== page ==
How to live life properly — According To Stoics
Around 2000 years ago a man was born, who would go on to be one of the greatest philosophers to have ever lived. He taught people the importance of kindness, forgiveness, on doing one’s duty, on the power of poverty and the corruptive influence of wealth. Eventually, his wisdom became too much for the Romans to handle so he was painfully put to death. He asked his followers and loved ones, while experiencing a very public death, to forgive the Emperor and the people doing this to him, as they did not know what they were doing. In those final moments he immortalized himself.
Whenever we talk about stoicism, it’s most about Marcus Aurelius and the way he lived his life as a humble Roman Emperor. As weird as that sounds, he really was one of the few philosopher Emperors. Another man, perhaps even more influential in his teachings is Seneca. Before sharing some of my favorite quotes from Seneca, let’s look at his daily routine and all the things he to do every single day.
- Wake up early
- Stick to his routine
- Treat everyone he met as an opportunity for kindness
- Look for one nugget of wisdom
- Prepare for adversity
- Write to a friend
- Meditate on his mortality
- Put his day up for review
Some of the questions he would ask himself were:
In what have I done wrong? What have I done? What have I omitted that I ought to have done?
The fact that you know your day is up for review in the evening, you tend to act with more virtue and kindness throughout the day. Seneca would say “If in this examination you find that you have done wrong, reprove yourself severely for it; and if you have done any good, rejoice.
Apart from the day in review, he would also do a morning preview. Epictetus and Marcus Aurelius both note the importance of “booting up” in the right frame of mind each morning, one that is in accordance with nature and prepares you for the work of the day.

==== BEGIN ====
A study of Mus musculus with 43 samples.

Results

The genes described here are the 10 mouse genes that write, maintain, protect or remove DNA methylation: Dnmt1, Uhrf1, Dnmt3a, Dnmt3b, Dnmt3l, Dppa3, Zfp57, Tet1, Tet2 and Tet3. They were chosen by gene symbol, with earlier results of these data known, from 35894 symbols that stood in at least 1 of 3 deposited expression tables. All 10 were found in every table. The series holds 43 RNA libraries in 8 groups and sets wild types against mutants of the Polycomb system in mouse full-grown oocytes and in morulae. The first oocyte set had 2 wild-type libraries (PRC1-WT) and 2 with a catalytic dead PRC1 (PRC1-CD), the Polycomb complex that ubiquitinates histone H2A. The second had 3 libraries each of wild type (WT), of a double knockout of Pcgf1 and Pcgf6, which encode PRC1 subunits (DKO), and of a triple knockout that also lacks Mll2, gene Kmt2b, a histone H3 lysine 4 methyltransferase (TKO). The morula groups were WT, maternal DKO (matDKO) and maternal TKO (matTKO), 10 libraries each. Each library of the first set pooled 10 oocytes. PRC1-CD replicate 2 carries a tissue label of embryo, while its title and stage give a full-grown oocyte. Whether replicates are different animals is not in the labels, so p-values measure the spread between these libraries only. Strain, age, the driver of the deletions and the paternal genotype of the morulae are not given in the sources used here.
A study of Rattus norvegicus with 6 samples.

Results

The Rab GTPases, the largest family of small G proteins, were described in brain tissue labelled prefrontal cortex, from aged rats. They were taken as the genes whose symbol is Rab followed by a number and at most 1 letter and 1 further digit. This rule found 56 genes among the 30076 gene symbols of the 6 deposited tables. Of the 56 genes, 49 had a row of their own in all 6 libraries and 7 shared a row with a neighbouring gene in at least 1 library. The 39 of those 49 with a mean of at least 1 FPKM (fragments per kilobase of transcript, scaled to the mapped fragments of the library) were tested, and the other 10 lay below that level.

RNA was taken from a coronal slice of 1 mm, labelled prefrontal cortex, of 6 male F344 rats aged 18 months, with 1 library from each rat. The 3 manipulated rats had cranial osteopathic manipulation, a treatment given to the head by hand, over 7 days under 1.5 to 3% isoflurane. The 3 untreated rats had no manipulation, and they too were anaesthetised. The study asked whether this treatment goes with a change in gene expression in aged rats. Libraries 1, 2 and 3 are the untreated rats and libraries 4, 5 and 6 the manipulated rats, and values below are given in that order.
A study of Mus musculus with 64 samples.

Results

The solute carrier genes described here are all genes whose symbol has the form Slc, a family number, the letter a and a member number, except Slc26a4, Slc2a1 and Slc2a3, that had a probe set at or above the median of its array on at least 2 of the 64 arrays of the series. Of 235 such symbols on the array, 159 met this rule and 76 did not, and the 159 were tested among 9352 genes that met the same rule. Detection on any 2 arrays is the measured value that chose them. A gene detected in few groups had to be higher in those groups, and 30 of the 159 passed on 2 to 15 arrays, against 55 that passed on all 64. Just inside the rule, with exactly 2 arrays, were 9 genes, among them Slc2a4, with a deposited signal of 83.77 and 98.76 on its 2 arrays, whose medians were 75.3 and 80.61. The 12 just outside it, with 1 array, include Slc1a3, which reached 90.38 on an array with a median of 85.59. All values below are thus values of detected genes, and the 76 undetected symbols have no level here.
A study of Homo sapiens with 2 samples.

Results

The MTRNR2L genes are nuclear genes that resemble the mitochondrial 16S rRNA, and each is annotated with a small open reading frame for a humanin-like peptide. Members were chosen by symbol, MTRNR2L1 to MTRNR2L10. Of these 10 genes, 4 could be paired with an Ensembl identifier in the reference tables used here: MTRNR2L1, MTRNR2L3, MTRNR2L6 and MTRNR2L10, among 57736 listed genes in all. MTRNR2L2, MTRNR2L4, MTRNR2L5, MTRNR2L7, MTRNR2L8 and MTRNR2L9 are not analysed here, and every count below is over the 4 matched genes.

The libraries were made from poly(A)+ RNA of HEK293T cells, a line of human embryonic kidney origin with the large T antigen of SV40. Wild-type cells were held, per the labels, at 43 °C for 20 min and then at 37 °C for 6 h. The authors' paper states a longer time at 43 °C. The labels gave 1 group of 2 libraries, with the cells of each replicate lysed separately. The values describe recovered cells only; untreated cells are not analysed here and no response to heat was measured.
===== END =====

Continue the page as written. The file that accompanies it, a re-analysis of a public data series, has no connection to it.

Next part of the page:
In the morning when you rise unwillingly, let this thought be present: I am rising to the work of a human being. Why then am I dissatisfied if I am going to do the things for which I exist and for which I was brought into the world? Or have I been made for this, to lie in the bed and keep myself warm? — Marcus Aurelius
You can’t just write about stoicism without a few quotes from Marcus Aurelius.
Point of the matter is, the stoics previewed their day in the mornings, they write down all the things they plan for the day ahead, as well as some goals and aspirations they might have, and important things that need to be taken care of. In the evenings they would review all those events, see where they did the right thing and where they did the wrong thing.
As far as one of the wisest men in the history of the world is concerned, here are his thoughts:
Wherever there is a human being, there is an opportunity for a kindness.
It is a petty and sorry person who will bite back when he is bitten.
It’s not that we have a short time to live, but that we waste a lot of it.
If a man knows not to which port he sails, no wind is favorable.
Enjoy the present pleasures in such a way as not to injure future ones.
Those are my five favorite quotes from Seneca.
There’s a lot to be learned not only from his daily routine but also from the way the man thought. Yes, he lived in the moment, enjoyed pleasures, while also thinking about the future, meditating on his death much like Marcus Aurelius did. Stoics don’t shy away from meaningless pleasures, but don’t quite embrace them either. They look at them from neutral light, neither good nor bad, they’re just there to be experienced and nothing more.
I will leave you with a few more quotes, thanks for reading.
Fate leads the willing and drags along the reluctant.
A man’s as miserable as he thinks he is.
Most powerful is he who has himself in his own power.
It’s not because things are difficult that we dare not venture. It’s because we dare not venture that they are difficult.
A gift consists not in what is done or given, but in the intention of the giver or doer.
Ignorance is the cause of fear.
Be wary of the man who urges action in which he himself incurs no risk.
What need is there to weep over parts of life? The whole of it calls for tears.
If we could be satisfied with anything, we should have been satisfied long ago.